The future of spaceflight is packed with excitement. One of the most notable events coming up is the first launch of NASA’s Artemis program. The ambitious initiative aims to put a man back on the moon alongside the first woman to do so by 2024.
Getting there will be no easy task, however. There are endless challenges to face before astronauts can touch down on the lunar surface once again. Some are less exciting than others. For instance, designing a space toilet isn’t on the bucket list of many people.
To help solve this issue, NASA is turning to one of its favorite methods of problem-solving—crowdsourcing. It wants help designing a next-gen space toilet that will work in both microgravity and zero gravity.
Though it isn’t the first thing that comes to mind when thinking about traveling in space, going to the bathroom is actually quite tricky. Astronauts commonly find themselves in less-than-optimal situations when they need to do so. Of course, a space toilet already exists.
Astronauts living aboard the International Space Station (ISS) use it every day. Still, doing so isn’t easy. That’s why NASA is looking for help to make the process easier.
The space agency wants to design a new toilet that is both smaller and more efficient than the current version. More importantly, though, it wants the updated space commode to work in both the microgravity of the ISS and the weak gravity of the moon. Currently, space toilets only function in zero gravity.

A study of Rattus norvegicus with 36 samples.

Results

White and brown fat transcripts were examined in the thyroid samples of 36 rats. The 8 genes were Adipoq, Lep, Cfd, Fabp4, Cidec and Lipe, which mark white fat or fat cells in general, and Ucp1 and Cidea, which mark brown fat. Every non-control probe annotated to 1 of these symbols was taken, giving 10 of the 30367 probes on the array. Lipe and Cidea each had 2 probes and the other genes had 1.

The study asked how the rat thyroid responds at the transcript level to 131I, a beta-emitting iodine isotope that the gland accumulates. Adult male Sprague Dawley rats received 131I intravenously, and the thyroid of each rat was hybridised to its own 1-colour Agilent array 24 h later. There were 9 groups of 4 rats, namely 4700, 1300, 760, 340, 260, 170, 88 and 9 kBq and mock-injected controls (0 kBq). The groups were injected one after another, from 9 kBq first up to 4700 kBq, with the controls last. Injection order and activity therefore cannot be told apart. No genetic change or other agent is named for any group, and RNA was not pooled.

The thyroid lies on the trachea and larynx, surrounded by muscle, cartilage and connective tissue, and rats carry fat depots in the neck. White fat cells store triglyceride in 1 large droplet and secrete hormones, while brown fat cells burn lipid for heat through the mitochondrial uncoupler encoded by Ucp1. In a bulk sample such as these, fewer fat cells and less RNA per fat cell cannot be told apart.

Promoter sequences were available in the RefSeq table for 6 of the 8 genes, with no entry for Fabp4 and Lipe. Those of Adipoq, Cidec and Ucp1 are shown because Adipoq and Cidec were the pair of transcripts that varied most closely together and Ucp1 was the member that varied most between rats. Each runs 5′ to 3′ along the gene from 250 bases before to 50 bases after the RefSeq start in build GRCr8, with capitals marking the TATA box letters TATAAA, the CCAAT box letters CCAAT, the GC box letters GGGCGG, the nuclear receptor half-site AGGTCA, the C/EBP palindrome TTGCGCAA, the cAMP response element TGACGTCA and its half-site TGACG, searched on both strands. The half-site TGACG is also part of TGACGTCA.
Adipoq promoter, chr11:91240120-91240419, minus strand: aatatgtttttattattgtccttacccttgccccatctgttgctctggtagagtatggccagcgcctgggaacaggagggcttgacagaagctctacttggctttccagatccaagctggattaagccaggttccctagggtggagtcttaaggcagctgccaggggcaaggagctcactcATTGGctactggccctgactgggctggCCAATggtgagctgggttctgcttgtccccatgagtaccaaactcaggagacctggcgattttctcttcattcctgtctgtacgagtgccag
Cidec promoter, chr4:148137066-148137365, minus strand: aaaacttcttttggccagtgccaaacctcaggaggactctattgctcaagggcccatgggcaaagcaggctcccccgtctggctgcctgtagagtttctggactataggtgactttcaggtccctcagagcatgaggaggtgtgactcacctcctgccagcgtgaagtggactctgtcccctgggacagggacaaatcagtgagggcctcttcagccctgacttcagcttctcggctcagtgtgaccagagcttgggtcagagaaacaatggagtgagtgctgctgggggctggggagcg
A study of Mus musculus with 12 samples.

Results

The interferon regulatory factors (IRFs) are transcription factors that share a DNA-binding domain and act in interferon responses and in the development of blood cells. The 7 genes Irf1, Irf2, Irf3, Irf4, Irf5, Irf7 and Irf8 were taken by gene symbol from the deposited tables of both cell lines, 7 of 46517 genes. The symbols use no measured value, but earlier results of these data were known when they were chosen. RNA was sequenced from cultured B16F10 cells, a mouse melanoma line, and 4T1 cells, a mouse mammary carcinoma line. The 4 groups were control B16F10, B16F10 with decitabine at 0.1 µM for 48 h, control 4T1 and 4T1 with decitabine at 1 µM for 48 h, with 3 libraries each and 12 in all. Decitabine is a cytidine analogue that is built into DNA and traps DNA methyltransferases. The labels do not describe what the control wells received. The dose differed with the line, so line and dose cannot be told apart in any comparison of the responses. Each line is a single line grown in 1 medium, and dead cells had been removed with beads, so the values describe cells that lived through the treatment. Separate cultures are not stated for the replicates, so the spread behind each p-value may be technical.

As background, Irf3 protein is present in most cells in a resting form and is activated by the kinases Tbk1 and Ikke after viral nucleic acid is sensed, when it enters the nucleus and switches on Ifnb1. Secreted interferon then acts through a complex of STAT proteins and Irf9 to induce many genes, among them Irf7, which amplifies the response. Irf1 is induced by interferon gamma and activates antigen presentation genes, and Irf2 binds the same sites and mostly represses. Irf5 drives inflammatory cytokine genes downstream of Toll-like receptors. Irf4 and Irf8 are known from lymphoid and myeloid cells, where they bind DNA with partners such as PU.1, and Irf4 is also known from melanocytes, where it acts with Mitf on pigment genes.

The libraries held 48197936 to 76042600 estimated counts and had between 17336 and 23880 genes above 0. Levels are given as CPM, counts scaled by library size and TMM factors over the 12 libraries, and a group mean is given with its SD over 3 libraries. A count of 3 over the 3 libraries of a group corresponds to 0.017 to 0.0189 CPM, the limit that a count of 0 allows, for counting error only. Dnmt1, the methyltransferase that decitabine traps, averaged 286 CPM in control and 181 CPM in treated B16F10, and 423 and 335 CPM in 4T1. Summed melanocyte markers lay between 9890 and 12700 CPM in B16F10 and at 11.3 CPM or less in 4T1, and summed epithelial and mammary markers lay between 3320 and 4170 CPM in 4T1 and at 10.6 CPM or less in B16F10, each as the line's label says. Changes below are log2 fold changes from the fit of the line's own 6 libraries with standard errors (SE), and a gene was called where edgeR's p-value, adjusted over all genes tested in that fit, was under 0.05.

On the moon, gravity’s pull is about one-sixth the strength of Earth’s. That means bodily fluids will fall towards the ground but will do so very slowly. It isn’t something pleasant to think about. That’s why Artemis astronauts need a better solution.
Everyday Heroes Needed
NASA knows that designing a space toilet isn’t the most exciting thing in the world (or off it). So, it’s offering $35,000 in prize money for clever inventors who are up to the task.
The space agency has turned over management of the contest to HeroX, a platform known for crowdsourcing various innovations. Anyone that’s interested in submitting an idea can do so on HeroX’s website.
However, there are some specific requirements that need to be met. Things like size, power consumption, mass, and accommodations for both male and female astronauts are taken into account. The toilet performance specifications are a fairly strict list of their own.
Those looking to go above and beyond can earn “bonus points” for designing a space toilet that can be used for collecting vomit from a sick astronaut without forcing them to stick their head into it. The contest guidelines note that emesis (throw up) bags will be the primary option for doing so. However, anyone who’s experienced a nasty bout of vomiting knows that a toilet is the better option.
For young creatives, NASA is hosting a separate competition category that’s open to anyone under 18 years old. The deadline for idea submissions is August 17.
It plans to announce winners on September 30 for the adult category and on October 20 for the junior division.